Kiwi Kickstarter launches: creative and slightly crazy schemes come out of the woodwork

The launch of Kickstarter in New Zealand has attracted a range of creative projects, from a rockstar wristwatch and designer notebooks to a horror web series. Then there’s the kooky idea of piecing a cooked onion back together to see how much it shrank.

Galen King, from Nelson’s Lucid Design, seized on the local launch to get the company’s designer notebook idea — Workbooks  — off the ground.

“We’re a design agency of six to eight creatives. Over the years we’ve done internal projects to stimulate the team and stationery was something we started playing with.”

The notebooks would also be a good gift for clients because it could easily be mailed offshore, says King. It had “quietly launched” the idea before but never got much traction, says King, so Kickstarter was a golden opportunity.

“I always liked the concept of crowdfunding. We have PledgeMe in New Zealand and something like PledgeMe is awesome as well, but for the industry we’re in we really need the worldwide audience Kickstarter brings.”

But he has a warning for Kickstarter users who think they can sit back and watch the money roll in.

“One of the most interesting lessons for me is there’s probably an assumption Kickstarter with its large worldwide comunity automatically gives you the numbers. That’s not the case. You still have to work really hard and chat about your project on social media and get it blogged about.”

King set a short funding window so the notebooks could be printed and distributed by Christmas in New Zealand. The current notebook covers were done by Lucid Design staff or commissioned for other jobs, but it hopes to commission other creatives to design new covers.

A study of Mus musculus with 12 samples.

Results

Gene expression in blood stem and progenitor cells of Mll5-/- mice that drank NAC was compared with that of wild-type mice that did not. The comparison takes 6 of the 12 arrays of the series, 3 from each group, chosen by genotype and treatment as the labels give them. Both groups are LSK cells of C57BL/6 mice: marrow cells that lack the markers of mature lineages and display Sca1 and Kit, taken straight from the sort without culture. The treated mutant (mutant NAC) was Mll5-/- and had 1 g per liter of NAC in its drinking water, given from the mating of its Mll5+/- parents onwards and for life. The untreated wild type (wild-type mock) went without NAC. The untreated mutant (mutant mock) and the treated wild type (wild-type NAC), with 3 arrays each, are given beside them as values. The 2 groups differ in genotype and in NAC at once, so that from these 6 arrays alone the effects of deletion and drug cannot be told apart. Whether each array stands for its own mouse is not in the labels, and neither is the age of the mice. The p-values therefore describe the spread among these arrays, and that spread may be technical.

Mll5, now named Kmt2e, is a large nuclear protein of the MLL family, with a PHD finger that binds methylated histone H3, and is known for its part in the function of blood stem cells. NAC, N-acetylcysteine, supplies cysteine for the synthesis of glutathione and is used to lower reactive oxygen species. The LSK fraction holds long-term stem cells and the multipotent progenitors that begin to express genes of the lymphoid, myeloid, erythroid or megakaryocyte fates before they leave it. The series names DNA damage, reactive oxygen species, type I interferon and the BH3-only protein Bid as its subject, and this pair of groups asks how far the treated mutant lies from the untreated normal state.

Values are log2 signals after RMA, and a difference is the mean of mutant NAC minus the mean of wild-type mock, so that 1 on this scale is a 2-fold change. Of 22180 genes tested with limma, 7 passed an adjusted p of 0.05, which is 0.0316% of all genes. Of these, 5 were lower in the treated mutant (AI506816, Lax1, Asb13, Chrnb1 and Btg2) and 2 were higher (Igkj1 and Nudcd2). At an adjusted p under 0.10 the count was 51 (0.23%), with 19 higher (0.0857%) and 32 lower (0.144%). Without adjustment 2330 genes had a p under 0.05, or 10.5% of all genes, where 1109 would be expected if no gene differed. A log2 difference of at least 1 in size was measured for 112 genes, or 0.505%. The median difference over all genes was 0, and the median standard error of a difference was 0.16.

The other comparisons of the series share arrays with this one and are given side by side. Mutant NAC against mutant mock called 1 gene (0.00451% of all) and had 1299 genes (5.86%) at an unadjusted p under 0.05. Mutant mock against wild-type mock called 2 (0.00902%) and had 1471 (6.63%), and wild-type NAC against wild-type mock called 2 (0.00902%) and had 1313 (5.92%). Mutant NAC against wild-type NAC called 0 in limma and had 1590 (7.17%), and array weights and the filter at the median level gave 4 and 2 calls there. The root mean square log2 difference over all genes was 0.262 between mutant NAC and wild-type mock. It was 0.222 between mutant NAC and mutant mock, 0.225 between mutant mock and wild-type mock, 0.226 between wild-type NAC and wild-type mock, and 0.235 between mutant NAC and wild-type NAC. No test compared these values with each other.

In Auckland, Nick Von Klarwill has created a project for his rock n’ roll inspired watches, while ex Adhub managing director Josh Borthwick is on the hunt for funds for the independent series Tina. Nick Barrett is also one of the first seeking a Kickstart with his app Imagistory.

Fellow Aucklander Lewis Roscoe wants funds for his CG horror web series The Arksville Homicides.

And in one of the more interesting launches, Colenso BBDO’s Ben Polkinghorne is volunteering to recreate an onion after cooking it, if his project gets $500 backing.

“We’ve all done it: underestimated how much onion to cook,” the project page says. “Onions just seem to lose so much darn volume during the cooking process. Wouldn’t it be interesting to find out, once and for all, how much they shrink?”

At the time of writing six backers were behind Polkinghorne’s experiment, to the tune of $35.

Another attention-grabbing project was ‘LaQuisha’s Odyssey, a Game so Gay it’s Beyond the Rainbow’.

LaQuisha Redfern claims to be “a bearded lady drag queen who lives in a space station that crash-landed in New Zealand, and now: it’s time to go global”, and is developing a retro styled role playing game where she searches for her alien-abducted mother.